DSC00928I’ve seen a lot of discussion online about whether Cuisenaire Rods are essential to a child’s math development.  These are mostly from parents leaning towards classical education, whose kids may already be maxed out with Singapore Math, phonics, grammar, maybe a Latin program.  And the truth is – you don’t NEED rods… but I am so, SO happy I brought them into our lives (here’s one of our first “classes” with them, from almost 2 years ago).

Having a way to see and touch and manipulate (hey, so THAT’S why they call them “manipulatives”) numbers is essential.  As Ruth Beechick says, most parents and teachers push kids WAY too early into patterns of abstract thought that – while they may be able to function in those modes – they are ultimately not yet ready for or fluent in yet. 

If I could say one thing I’ve learned about teaching math so far, it would be:  don’t rush to put away the toys!

Although our rods are not a feature of every lesson these days, and don’t integrate as naturally into our current JUMP Math program as they would, say, into Miquon Math, I always keep them nearby just in case.  (oh, alright; also because our house is TINY)

So today, when I saw that we’d be learning about volume, I backed up and – before I handed her the worksheet, I showed her how we have looked at linear measurement so far – length, width, height, but we haven’t actually seen how much SPACE something takes up.  For that, you need to measure not just one dimension, but TWO.  (that’s more than I told her)

I showed her how we could measure the height of Story of the World, or its width, but if we wanted to see how BIG it was, we would need to measure the whole surface of it.  (okay, somebody shoot me – my explanation included not a word about height, volume, etc., so this is not truly how BIG the book is)

For Naomi, the rods are like an old friend.  She used to argue that she didn’t need them, but now she gets happy and even relaxes a little:  she’s back in familiar territory.  Even without much practice lately, she instantly recognizes the numerical value of each length / colour, and can glance at a gap and know (uncannily accurately) whether she’ll need a 3 (light green) or a 4 (purple) to fill in the space.  She can also figure out multiples very quickly – more quickly, I think, than she could double the actual numerals (ie two purple 4’s make 8).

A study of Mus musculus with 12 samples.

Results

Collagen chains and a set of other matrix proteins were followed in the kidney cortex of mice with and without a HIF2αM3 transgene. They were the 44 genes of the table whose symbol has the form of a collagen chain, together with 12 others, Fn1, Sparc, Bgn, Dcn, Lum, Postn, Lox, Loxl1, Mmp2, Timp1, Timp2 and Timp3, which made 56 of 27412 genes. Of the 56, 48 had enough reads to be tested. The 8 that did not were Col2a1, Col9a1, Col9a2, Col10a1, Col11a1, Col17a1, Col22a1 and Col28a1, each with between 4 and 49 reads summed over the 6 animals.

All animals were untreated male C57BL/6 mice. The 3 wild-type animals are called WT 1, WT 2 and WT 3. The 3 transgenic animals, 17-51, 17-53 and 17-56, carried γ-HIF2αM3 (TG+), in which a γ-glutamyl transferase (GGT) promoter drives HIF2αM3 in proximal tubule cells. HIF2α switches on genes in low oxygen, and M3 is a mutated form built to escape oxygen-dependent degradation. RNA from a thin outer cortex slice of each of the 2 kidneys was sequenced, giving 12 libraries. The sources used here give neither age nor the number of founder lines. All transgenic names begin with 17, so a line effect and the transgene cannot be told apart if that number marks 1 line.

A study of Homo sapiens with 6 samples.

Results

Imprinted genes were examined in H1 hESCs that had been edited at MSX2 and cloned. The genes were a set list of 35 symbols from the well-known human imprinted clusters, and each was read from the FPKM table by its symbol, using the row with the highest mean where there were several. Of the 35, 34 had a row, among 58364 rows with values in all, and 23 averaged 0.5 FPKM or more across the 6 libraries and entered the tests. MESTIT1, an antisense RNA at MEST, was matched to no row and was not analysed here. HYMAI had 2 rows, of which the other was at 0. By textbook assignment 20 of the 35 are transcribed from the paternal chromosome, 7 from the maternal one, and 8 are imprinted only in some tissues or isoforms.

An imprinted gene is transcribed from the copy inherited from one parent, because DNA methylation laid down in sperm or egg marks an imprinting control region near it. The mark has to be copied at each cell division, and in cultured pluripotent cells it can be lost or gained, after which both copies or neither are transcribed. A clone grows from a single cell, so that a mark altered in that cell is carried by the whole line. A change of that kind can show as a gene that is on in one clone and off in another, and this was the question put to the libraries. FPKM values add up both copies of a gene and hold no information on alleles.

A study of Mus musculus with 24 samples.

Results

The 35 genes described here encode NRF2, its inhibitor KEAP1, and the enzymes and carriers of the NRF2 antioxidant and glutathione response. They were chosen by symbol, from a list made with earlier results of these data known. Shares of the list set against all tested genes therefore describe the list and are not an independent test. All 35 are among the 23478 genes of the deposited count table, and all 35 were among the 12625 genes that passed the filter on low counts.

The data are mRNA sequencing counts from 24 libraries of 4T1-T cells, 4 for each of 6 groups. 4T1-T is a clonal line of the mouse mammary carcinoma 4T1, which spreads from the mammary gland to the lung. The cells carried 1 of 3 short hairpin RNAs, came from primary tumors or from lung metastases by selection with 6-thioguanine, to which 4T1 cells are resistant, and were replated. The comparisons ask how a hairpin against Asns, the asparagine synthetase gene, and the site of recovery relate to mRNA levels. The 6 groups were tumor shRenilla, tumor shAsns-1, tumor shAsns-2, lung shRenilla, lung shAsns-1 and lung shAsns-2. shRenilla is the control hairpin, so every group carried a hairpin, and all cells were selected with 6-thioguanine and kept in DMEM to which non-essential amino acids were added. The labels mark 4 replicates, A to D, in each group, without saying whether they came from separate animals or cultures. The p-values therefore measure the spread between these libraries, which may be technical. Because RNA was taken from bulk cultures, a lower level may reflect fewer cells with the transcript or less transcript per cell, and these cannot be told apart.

DSC00924DSC00925First, we laid orange 10-rods over the entire book, filling in a light green one (3) to make up the “extra” space in the corner.  Then, I replaced every TEN orange rods with a blue “100-rod” square.  Suddenly, we both knew the area of the book’s cover at a glance: 

    • 2 x 100-rods, plus 7 x 10-rods, plus 1 x 3-rod = 273

(I’m doing it faster here than I did with her, and I didn’t get into the question of units – ie “square centimetres”)

After this, we moved on to a Miquon worksheet – deciding which of two groups of rods has “more wood” (ie a greater area).  And only AFTER the Miquon sheet, did I hand her the actual worksheet for the day, which involved comparing areas.  The JUMP Math book says to trace the rectangles, cut them out, and then compare them… which I think is actually a BAD instruction, because it doesn’t give any actual criteria for comparison; there are no steps or instructions to the kids to help them know how to compare rectangles of different dimensions. 

Whereas figuring out which one “has more wood” is a simple two-step operation:  1) cover each rectangle with rods (the book is metric, so the rods fit perfectly); 2) line up the rods and see which one is longest.

    DSC00930 DSC00931

In this example, the shape covered with GREEN rods is larger – and when the rods are laid out end-to-end, the answer becomes very obvious.

I really believe that not only seeing but feeling the intuitiveness of early math operations will help prevent a whole lot of confusion farther down the line.  Just about every time the rods come out, including today, she comes up with a dozen things she wants to teach ME (sometimes, I cut her short a bit, and sometimes, I hear her out).  The rods are like a magical cape that, with my daughter, at least, transforms her from what I think of as an average math-kid into the Amazing Superheroine of Arithmetic… in her own mind, at least.

Oh – she was indeed crying in the picture at the very top of the page.  That was NOT from the rods.  She just has a rather protracted cold and is more sniffly and prone to crying (over the last week) than I have ever seen her before.  No idea why; I just hope it ends SOON.  It’s taking us twice as long to get through everything, and that only makes her cry more… because, you know, it’s taking so long.  I am willing to skip things that are causing her anguish, but the tears seem totally random and unrelated to whatever curriculum she’s sitting in front of.  Luckily, they pass just as quickly as they arrive.  So that’s why she’s crying in the picture, and why we kept going anyway.  She finished with a smile on her face, I promise!


  1. What a cool way to use the c-rods! I just bought some, and it's exciting to see all the fun ways they can be used to make math so touchable. I'm thinking that there were not enough toys in my math education. =]P

    Would you be willing to submit this to the Classical Homeschooling Carnival?

  2. Cool math lesson! And I couldn't even tell she was crying.